For a restaurant to name itself Philosophe, you would expect it to hear some statements of grandeur on its website, about how the cuisine takes cues from the philosophical minds whose portraits adorn the walls in the dining room. There is none. There isn’t even an “About” page.
Maybe then we can find the dictum of culinary transcendence on the menu, nope, nothing here either except a simple Appetizer, Entree, Dessert layout.
Perhaps then, the folks behind Le Philosophe has found their inspiration from less ostentatious sources, philosophy of the laymen, which is simplicity.
In the era where chefs try to differentiate their cooking by statements printed on the menu, Le Philosophe separate themselves from the pack by cooking the French classics, better. Looking at the success of Keith McNally’s Pastis, and I’m surprised there aren’t more casual classic French restaurants in the city.
Aside from the wall of portraits of contemporary philosophers, the layout of this restaurant is little changed from its previous tenant Hung-Ry. This cobble-stoned stretch of Bond Street is remarkably quiet, and the many one way streets make vehicular traffic quite light despite its proximity to Bowery. Great place to dine, but challenging for the restaurants to get passerby’s into the door.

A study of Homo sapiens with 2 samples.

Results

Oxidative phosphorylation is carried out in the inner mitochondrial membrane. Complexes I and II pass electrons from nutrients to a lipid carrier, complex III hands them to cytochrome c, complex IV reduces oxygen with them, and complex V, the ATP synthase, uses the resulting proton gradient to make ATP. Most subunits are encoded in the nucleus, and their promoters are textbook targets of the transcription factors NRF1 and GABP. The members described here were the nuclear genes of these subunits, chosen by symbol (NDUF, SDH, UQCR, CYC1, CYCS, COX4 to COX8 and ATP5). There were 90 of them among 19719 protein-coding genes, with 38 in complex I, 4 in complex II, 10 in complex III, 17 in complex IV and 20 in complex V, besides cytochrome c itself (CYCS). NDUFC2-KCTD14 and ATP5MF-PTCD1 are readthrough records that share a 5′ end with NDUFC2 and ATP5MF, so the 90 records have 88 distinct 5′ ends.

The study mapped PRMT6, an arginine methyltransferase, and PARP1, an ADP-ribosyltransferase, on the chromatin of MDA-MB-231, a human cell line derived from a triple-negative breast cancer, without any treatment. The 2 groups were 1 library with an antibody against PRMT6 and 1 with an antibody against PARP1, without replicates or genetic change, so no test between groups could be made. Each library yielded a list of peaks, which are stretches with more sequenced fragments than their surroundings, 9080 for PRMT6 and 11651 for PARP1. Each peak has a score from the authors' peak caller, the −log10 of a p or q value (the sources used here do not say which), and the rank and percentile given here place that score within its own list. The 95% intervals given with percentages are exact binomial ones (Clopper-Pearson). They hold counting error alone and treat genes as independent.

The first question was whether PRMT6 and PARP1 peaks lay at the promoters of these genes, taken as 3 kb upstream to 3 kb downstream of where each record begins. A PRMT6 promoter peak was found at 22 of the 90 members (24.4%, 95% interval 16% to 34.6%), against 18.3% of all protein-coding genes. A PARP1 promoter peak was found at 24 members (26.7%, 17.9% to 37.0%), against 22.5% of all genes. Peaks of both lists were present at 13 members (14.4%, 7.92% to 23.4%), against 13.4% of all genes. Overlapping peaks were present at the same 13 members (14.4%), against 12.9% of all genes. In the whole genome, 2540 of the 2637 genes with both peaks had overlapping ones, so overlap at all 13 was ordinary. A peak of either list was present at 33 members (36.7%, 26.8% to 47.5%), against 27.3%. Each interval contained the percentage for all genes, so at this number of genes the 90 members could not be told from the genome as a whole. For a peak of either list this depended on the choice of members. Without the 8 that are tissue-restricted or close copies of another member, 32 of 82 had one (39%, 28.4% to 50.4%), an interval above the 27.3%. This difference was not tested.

Oysters, offered on both the lunch and dinner menus, are very reasonably priced at $18 for a dozen. The day’s East Coast variety was Charles Island from Connecticut, and the West Coast was Kumamoto. Both varieties were fairly well shucked, and paired with a nice refreshing vinaigrette with finely diced red onions.
The salad is an unique assortment of vegetables, combining traditional salad greens (arugula, watercress) with leaves that are usually used as herbs (dill, parsley), and a few pieces of beets. The result, tossed lightly in a very tart citrus vinaigrette and coarse salt, is full of flavor.
Cured Foie Gras Terrine was gorgeously plated with two slices of thick toast, and coriander fruit on the side as garnish. I’m not a devout fan of foie gras, as I only enjoy an occasional piece of foie at French restaurants. This piece was superb. It was rich, but not overwhelmingly so.
The Flat Iron (word steak curiously missing from menu) is your standard steak frites, with a generous portion of fries that would make McDonald’s proud. The meat was very tender, and flavored wonderfully with a shallow bit of bordelaise sauce at the bottom of the plate. My only complaint would be that the fries had too much salt.
Blanquette de Veau is a veal stew that is paired with a small pot of rice. The veal is cooked beautifully tender, and the stew texture was nice and silky without being too thick.
I wanted to end this piece with a deep, philosophical quote befitting of the name of the restaurant. Then again, perhaps it’s best to keep it simple and stick to the classical descriptors. A hearty recommendation.